How Mackenzie Crook Mastered His Tony-Nominated Role

When award season comes around, playing giants among men (and women) is often good for one’s mantelpiece. Hamlet, Medea, Max Bialystock, Mama Rose, Miss Jean Brodie, Roy Cohn: These are the sorts of roles that traditionally win Tonys.

But playing a man among giants has also paid off, at least in the supporting categories. The three Billy Eliot kids won the Tony Award, but so did Gregory Jbara, for playing their dad; same with Boyd Gaines alongside Patti LuPone’s formidable Rose in Gypsy. An especially pronounced case came last year, when Eddie Redmayne won for his supporting turn opposite Alfred Molina’s Mark Rothko in Red.

Now another sallow Englishman has been nominated for his work alongside another unstoppable force.

Johnny “Rooster” Byron is the galvanizing center of Jersualem, Jez Butterworth’s myth-glutted new play. In Mark Rylance’s Tony-nominated performance, he is equal parts Pied Piper, Falstaff, Evel Knievel, and two-bit hood, and he fascinates a group of young layabouts in rural England.

However, those layabouts make impressions, too, and one of them has earned Mackenzie Crook a Tony nomination for Best Featured Actor in a Play.

Crook plays Ginger, an underemployed plasterer who fancies himself a DJ and tries to keep the yarn-spinning Rooster in check. That is no small feat when Rooster insists he met the giant—the actual giant—who built Stonehenge.

“Ginger is a cynic,” says Crook, 39. “Everyone else is willing to accept these outlandish stories, and Ginger is there to keep Rooster on the ground.” This penchant for fact-checking makes Ginger a less than ideal drinking buddy; Crook spends much of the first act in humorously high dudgeon as he learns about the previous night’s epic blowout. But as the consequences of Rooster’s actions become impossible to ignore, the affection behind Ginger’s prickly nature becomes touching and even, in its minor-key way, tragic.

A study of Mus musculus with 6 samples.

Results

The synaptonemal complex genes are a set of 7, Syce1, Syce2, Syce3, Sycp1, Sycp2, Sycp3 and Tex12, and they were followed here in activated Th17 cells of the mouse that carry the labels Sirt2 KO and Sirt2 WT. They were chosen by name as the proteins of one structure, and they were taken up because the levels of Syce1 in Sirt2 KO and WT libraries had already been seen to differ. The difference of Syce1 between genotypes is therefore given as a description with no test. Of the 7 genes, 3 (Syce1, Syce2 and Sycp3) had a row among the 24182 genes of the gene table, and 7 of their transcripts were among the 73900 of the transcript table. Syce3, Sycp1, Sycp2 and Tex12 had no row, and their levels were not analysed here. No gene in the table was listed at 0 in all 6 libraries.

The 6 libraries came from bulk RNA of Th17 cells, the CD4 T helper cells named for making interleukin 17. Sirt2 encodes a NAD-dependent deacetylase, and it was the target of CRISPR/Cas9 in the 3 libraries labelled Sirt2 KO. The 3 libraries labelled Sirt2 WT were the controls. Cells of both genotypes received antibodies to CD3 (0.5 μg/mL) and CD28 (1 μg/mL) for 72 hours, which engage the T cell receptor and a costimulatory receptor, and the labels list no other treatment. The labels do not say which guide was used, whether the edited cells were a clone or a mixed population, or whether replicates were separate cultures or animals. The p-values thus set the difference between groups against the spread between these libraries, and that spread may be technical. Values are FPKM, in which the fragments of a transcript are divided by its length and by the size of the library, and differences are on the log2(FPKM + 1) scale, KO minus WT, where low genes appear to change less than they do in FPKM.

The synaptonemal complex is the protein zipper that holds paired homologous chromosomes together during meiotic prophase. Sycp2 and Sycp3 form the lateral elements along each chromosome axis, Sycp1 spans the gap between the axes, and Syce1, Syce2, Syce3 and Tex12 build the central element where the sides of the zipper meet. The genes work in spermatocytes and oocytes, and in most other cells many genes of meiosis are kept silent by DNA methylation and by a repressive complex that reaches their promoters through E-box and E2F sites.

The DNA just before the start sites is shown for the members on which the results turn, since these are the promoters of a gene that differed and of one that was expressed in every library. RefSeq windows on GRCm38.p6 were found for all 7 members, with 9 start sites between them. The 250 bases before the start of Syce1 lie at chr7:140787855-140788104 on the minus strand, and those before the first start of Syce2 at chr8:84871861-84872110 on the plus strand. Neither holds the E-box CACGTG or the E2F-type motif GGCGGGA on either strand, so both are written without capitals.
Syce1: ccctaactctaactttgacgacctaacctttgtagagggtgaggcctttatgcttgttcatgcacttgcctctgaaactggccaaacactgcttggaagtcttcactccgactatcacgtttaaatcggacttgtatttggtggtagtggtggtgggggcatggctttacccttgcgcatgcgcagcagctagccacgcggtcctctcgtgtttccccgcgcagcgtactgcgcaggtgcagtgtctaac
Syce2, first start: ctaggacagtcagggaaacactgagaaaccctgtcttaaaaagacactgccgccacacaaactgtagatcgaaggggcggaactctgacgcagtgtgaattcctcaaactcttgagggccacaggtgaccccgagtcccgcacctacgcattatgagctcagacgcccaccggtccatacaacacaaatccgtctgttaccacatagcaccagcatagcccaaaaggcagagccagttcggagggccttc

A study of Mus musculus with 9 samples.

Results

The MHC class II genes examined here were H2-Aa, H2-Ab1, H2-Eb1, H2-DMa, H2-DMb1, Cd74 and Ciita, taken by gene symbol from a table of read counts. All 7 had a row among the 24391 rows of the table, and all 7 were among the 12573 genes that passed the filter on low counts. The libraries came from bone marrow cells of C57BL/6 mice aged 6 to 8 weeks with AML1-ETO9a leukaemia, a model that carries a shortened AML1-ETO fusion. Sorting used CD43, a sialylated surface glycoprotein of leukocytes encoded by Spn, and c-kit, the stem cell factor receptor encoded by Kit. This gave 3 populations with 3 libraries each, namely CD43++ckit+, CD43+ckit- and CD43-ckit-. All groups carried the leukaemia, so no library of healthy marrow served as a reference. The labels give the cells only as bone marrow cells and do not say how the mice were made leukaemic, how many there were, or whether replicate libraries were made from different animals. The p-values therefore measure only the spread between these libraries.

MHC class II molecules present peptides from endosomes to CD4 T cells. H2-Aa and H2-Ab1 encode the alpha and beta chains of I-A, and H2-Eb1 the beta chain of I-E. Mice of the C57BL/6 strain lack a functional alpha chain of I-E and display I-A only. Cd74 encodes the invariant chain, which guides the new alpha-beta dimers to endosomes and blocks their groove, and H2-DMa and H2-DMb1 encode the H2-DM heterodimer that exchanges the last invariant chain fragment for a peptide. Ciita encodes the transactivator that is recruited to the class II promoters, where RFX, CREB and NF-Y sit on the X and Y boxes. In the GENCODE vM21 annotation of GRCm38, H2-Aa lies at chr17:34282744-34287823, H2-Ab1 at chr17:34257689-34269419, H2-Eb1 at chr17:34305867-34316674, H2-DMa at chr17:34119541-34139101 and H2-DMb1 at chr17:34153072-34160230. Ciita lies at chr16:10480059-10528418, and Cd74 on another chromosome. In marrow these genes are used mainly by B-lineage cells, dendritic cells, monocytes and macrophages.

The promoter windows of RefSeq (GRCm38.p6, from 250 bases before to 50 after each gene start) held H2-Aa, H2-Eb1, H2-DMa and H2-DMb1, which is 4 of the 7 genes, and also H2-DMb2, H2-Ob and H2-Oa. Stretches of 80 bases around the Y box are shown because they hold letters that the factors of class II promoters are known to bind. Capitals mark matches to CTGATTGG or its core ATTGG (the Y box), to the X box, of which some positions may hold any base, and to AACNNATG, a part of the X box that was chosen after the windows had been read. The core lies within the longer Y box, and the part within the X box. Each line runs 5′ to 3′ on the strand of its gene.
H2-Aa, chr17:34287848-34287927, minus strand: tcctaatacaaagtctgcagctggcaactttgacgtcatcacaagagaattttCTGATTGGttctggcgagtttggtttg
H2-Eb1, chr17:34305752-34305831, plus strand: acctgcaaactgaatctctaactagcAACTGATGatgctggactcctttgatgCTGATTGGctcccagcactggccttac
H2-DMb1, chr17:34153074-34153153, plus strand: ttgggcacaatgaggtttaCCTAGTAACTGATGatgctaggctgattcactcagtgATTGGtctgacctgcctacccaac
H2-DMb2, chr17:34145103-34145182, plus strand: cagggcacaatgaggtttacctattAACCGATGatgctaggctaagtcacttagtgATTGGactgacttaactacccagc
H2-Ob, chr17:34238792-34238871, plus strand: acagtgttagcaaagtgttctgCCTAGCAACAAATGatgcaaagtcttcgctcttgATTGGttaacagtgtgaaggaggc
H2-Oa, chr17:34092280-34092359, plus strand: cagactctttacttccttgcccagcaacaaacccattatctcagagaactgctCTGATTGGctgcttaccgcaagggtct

Crook’s role has changed quite a bit in the two years since Jerusalem premiered at London’s Royal Court Theatre. “The original script didn’t bear much resemblance to what it is now,” he says. “Jez constantly came in with new pages, and the role of Ginger grew along the way, which I’m grateful for.”

And with the famously unpredictable Rylance on the scene, the changes show no sign of letting up. “Mark has to bring an element of danger to it,” Crook says. “That part can’t be played in a staid, regulated way, and he’s still changing it up every night.” Crook recalls one performance where Rylance took on a booming, terrifying quality—and completely changed his blocking—as Rooster related his exchange with the giant. “We’ve all learned to stay alert and work with whatever comes,” he says.

Jerusalem marks Crook’s second collaboration with director Ian Rickson; their first play together, a 2007 revival of The Seagull that also transferred to Broadway, was a huge change of pace for the actor, whose career began with stand-up and character-based sketch comedy. Despite well-received turns in the two plays, as well as in the U.K. premiere of Annie Baker’s meditative drama The Aliens last fall, he is still best known for roles like Gareth Keenan, the assistant to the regional manager, on the original U.K. version of The Office, and a glass-eyed pirate named Ragetti in the first three Pirates of the Caribbean films.

Though he isn’t in the latest Pirates sequel, which opens this weekend, Crook does have a role in Steven Spielberg’s forthcoming adaptation of the beloved Tintin stories. “I’m the goofy henchman, which apparently is my natural category,” Crook says.

In fact, it could be argued that Ginger falls into this surprisingly fertile niche, with the caveat that, in the topsy-turvy world of Johnny “Rooster” Byron, “level-headed” is the goofiest thing a henchman could possibly be.

Eric Grode, the author of the recently released Hair: The Story of the Show That Defined a Generation (Running Press), was theatre critic at the New York Sun from 2005 to 2008.